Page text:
Let’s Get Real: 18 Months of Account-Based Marketing

For many, “doing” ABM equates to buying a tool or running a campaign versus wrapping their entire strategy and way of life around account-based selling and marketing. Too often, marketers get a flawed list of accounts from Sales only to see their programs underperform. To avoid this pattern, marketing teams must ask themselves this fundamental question: do these accounts really represent the best revenue opportunities?

Starting with targeted ads or social campaigns is a fine way to get an ABM program off the ground but too many marketers stop there. Here are 5 steps the marketing team at LookBookHQ took to create a highly agile ABM strategy that’s constantly evolving.

1. You call that a target account?

Our first crack at ABM started with a deep dive into what Sales considered a target account. The marketing team noticed that many of the “Top 25” accounts each Account Executive had selected weren’t ones we could (or should) actually sell to. What’s more, the sales team wasn’t even focused on these “coveted” accounts in any meaningful way.

Marketing stepped in and ran a slew of regression on our customers and past opportunities. From there, using a proprietary formula, we built out an ideal customer profile (ICP) model to see how that would compare to the sales selected accounts.

Once we knew who fit our ICP, we tagged this cohort and tracked their conversion compared to other accounts–an experiment aimed at defining a better target account universe.

2. Heat ‘em up!

After tracking our ICP cohort, it was clear it was outperforming the control group (i.e. all other accounts, include the sales-selected Top 25s). So we took it one step further…

The marketing team decided to run some slightly more targeted campaigns to this group. We invested in some targeted display and social programs–but we held off on customized messaging and assets for this group (for now). Until this point, we’d been doing what I’ll call “ABM Light.”

3. Don’t boil the ocean

Over the next 6-9 months, we implemented more and more ABM ideology. All signs pointed to a better, more efficient path to revenue… but something was still bugging me.

There was a lot of variability within our target account universe. I had the nagging sense that our target account cohort was way too large. We hadn’t done enough work to whittle it down to a core set of accounts that truly represented the best path to revenue. As long as this was true, we would continue to deal with inefficiencies in our marketing and sales process and fail to foster long term, profitable customers.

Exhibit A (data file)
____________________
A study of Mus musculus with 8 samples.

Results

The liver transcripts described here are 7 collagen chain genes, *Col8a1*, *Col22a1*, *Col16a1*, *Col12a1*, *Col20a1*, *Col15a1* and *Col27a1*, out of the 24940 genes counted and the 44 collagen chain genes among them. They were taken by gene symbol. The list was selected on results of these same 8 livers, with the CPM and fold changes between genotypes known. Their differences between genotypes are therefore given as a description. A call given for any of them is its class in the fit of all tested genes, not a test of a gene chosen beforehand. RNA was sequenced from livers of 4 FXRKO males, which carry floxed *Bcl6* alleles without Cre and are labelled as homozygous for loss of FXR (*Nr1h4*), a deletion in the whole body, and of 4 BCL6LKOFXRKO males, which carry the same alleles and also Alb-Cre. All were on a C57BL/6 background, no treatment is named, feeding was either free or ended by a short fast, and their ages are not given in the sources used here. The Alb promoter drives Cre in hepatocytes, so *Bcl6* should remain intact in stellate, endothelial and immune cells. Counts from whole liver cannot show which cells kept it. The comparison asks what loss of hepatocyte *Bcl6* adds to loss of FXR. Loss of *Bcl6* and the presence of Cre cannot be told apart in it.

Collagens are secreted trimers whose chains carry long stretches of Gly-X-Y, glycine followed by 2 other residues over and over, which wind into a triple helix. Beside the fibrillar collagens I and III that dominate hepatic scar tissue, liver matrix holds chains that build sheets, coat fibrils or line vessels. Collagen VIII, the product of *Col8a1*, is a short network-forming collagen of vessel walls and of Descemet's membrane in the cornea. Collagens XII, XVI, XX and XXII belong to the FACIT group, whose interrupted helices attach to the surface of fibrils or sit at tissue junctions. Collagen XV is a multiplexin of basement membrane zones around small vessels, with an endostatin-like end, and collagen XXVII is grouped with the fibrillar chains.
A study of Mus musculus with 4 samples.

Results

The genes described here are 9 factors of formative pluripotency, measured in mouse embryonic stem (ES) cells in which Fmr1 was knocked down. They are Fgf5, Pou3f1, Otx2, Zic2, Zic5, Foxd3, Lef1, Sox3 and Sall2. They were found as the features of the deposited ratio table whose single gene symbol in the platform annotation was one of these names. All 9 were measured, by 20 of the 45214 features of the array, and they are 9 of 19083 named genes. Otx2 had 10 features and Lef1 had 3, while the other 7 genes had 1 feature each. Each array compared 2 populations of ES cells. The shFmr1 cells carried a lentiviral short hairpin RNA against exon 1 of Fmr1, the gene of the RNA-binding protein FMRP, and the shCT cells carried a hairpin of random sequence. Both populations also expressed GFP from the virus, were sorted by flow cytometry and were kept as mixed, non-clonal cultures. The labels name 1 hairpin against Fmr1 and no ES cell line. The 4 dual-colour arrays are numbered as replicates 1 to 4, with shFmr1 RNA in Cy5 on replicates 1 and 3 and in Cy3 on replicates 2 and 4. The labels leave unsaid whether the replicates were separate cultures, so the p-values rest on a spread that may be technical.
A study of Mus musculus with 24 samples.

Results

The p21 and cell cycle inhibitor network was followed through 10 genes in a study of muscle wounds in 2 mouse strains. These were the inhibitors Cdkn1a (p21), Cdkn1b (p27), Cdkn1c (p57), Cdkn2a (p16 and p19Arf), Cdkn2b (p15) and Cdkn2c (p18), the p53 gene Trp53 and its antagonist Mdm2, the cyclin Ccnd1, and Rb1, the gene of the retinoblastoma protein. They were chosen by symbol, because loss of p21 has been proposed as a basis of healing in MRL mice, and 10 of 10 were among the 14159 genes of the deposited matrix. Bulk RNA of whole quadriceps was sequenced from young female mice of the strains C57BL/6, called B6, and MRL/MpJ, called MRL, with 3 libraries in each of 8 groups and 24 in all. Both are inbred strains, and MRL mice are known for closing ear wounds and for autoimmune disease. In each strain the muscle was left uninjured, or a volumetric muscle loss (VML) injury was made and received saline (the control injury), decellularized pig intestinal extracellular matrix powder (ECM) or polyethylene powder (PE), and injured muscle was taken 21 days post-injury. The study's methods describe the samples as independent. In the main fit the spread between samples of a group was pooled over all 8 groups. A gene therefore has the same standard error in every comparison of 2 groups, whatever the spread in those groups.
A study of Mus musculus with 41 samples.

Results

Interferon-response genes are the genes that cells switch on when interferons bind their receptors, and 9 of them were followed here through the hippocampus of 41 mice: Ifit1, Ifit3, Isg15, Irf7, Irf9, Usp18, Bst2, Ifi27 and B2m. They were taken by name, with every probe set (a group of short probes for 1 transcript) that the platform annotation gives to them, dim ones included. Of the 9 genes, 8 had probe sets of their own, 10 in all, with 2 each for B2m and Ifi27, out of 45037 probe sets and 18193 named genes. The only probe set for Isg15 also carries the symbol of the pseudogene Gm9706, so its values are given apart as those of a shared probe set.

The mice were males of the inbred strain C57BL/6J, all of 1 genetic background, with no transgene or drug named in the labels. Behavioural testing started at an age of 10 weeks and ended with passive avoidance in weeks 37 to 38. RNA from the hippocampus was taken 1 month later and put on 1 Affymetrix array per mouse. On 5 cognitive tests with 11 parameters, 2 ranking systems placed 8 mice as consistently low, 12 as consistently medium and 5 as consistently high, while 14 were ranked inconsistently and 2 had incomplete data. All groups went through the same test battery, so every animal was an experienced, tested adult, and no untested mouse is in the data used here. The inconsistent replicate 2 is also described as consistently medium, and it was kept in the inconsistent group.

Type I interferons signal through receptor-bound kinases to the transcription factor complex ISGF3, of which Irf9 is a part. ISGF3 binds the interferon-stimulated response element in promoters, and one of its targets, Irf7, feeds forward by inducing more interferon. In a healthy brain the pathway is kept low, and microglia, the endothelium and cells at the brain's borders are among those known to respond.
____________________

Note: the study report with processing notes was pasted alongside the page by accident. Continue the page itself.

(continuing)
We needed to narrow the beam on our ICPs. The next iteration of our target account selection helped us hone who we considered to be an ideal customer. We scoured every list and considered a million different angles and data points–we had to be brutally honest about who we should and shouldn’t try to sell to.

4. ABM starts with sales

We whittled our target account universe from about 4,000 accounts to 1,200. We developed a entirely new selling model focused exclusively on this new group. These accounts represented the best revenue opportunities so the obvious next step was to pour all our energy toward turning them into customers! Marketing worked hand and hand with Sales to drive these changes (yes, you read that right).

5. All in on ABM

Fast forward a year and half, and we’re a million miles from where we started. Our entire marketing and sales process is now designed around this target account model. We’ve continued to get even more refined. They are broken down into specific use cases, and we’ve built content, scripts and campaigns customized to each play. Our entire approach to how we prospect, market, and sell to each cohort is now customized around accounts.

The ABM beast continues to evolve: we make pretty major changes on a quarterly basis, from swapping offers and changing messaging to rethinking resource alignment and goals.

The bottom line: ABM isn’t just a thing you do, it’s a construct you live in. Approaching it in an agile way ensures you don’t paint yourself into a corner and you’re able to constantly react to the situation you’re in. The world of B2B marketing is always changing and you have to adapt in order to survive.